Road course races require drivers and teams to take on the week a bit differently than preparing for normal oval racetracks. The cars are built to help drivers take on various challenges that they don’t normally face from week to week.

Take a look at five facts about the way Hendrick Motorsports tackles road course racing.

1) For road course races, cars need a minimum left-side weight. For oval tracks, the race cars are built for the drivers to make left turns only. As a result, teams are required to maintain a minimum right-side weight.

“For road courses we put more focus on moving items to the right,” said Robert Deering, shop foreman for the Nos. 48 and 88 shop. “We turn right probably 90 percent of the time versus left, so there’s a minimum left-side weight versus a right-side weight.”

2) Brake cooling is increased due to the amount of turns and heavy braking zones in the course. Sonoma is a 10-turn course. With the number of turns per lap combined with how often the brakes are used, drivers are more aggressive with their brakes on the track. Teams work harder during road course races to make sure the brakes are cooled down.

3) Temperatures can reach up to 120 degrees and even higher inside a race car.  Special attention is required to ensure driver comfort as they’re working harder than they would at oval tracks inside of the cockpit. There are more turns and drivers shift and brake more than usual, making it easier for them to become fatigued more quickly.

4) Driver’s seats are positioned differently inside cars built for road courses. Since there are multiple turns for these races, drivers are required to be situated more upright. There is also more padding in the seats than at oval track races because they’re forced to lean and turn both ways. Normally the pressure is on the right side of drivers’ bodies after turning left. It takes a bit of an adjustment to get used to pressure on both sides during a race.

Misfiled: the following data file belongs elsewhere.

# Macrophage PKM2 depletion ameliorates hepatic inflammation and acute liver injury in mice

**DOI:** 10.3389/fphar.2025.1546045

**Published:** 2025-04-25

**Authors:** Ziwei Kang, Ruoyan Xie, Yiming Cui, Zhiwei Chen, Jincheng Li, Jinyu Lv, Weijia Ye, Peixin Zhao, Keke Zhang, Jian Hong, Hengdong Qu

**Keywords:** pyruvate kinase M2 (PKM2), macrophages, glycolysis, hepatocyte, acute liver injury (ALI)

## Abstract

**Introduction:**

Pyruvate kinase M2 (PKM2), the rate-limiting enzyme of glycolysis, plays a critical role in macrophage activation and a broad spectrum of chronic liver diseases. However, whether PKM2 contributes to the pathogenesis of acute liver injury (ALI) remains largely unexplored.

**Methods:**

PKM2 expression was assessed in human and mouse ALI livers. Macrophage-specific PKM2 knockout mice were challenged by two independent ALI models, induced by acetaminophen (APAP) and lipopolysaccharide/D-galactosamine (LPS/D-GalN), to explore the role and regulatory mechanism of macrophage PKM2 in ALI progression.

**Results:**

5) The running gear is very important when it comes to racing at road courses. A running gear is among the many components that help drivers shift gears. The various turns at Sonoma Raceway require the drivers to shift more often, which puts pressure on the running gears. In fact, it takes more of a toll on the parts in the car.

“Our running gear takes a bit more of a beating,” Deering explained. “There are shorter distances between turns. At a track like Michigan, where we just were, you don’t necessarily shift going down in Turn 1 and Turn 3 downshifting. At Sonoma we could go from fourth gear to third and from third to second and back up again.”